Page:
Yesterday I shared with you how to stay out of legal trouble by sourcing your images correctly – whether it was for your blog or your presentations. That said, just because you get your images from a great location doesn’t mean they’re necessarily the right images. And it’s about this point that some of you are likely to tell me there are no “right” or “wrong” images – because beauty is in the eye of the beholder. True. Very True. But that’s not what I’m talking about. I’m talking about the efficacy (or effectiveness) of the image. Is it working hard for you?

Which Photo is More Effective?

I want you to look at these two images below. One is of a child. The other is of an adult. Both could be great as backgrounds for title screens, content slides, or featured images with text on your blog. Which one would you use?

Here’s the first.

Image 1 – Looking directly at you


Here’s the other one.

Image 2 – Looking to the side


Now, the bigger question.

Why did you choose the one you chose?

Some of you may have chosen the second one because it had more white space so you could put your text there and it wouldn’t feel squished. Some of you selected the first image because the child was engaging (she was looking right at you). So which did you choose? And why?

If you picked the first because the person was looking right at you and was more engaging, you would have chosen exactly like I normally do. I like images of people looking at the audience. I find that people pay attention more and connect easier.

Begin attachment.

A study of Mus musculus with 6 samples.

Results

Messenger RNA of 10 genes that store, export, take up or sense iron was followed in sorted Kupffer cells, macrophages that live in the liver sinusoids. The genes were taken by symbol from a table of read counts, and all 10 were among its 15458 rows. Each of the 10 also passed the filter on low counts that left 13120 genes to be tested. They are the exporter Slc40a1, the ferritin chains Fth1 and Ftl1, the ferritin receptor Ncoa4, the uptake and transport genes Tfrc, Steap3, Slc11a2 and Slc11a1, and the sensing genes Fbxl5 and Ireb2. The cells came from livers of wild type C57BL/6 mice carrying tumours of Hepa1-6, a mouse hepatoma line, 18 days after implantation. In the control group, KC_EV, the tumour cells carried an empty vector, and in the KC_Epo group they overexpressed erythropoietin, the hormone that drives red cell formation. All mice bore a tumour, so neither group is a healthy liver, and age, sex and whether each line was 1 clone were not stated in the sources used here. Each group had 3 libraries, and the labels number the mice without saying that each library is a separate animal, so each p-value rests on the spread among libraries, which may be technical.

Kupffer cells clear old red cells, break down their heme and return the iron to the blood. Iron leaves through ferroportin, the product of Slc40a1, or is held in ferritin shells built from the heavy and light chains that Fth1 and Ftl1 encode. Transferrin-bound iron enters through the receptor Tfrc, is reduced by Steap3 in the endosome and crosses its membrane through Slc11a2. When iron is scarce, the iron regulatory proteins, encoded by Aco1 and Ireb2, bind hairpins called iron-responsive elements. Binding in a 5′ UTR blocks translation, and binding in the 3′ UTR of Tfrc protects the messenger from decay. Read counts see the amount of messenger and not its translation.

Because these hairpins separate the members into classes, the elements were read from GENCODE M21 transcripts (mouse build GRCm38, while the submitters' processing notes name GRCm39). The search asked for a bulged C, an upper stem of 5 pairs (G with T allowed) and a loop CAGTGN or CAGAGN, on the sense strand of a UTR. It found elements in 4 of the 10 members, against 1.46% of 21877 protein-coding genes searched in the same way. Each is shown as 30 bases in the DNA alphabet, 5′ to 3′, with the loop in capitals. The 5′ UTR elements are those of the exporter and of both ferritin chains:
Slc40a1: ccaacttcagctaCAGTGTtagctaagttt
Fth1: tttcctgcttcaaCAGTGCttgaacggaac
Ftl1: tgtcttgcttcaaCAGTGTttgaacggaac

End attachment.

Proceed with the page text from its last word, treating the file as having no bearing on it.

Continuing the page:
But the research says otherwise – as it relates to something called Eye Tracking.

Where do people look?

Vision is learned – just like walking or talking. Children, just 8-12 weeks old, start refining their vision and by 4-6 months they’re able to fuse the images from both their eyes into a single image. One of the things they learn while looking at mom or dad is to watch their own eyes to see where they look. They track their parents eyes and then quickly look to see what mom or dad is looking at.

Today, companies like Tobii create technology that let folks see what end users are looking at. And guess what they see? The very same thing that we see children do. When people see a picture of a person on the screen, and their gaze is not right back at the audience, the audience looks to the place where the person in the photo is looking. That’s a lot of text. Let me show you what it looks like in real life, according to James Breeze and his eye tracking research.

Here is an image where the person is looking directly at the audience.

Looking back at you


Here is an image where the person is looking elsewhere.

Looking elsewhere – driving you to look elsewhere too!


One Image is Better

What this suggests is that in terms of effectiveness, and in terms of eye tracking, one image is better than another. The image that directs our eyes to the content we care about (text, titles, web sign up forms, etc) is the better image and the one we should go with.

Do you agree? Disagree? Let me know.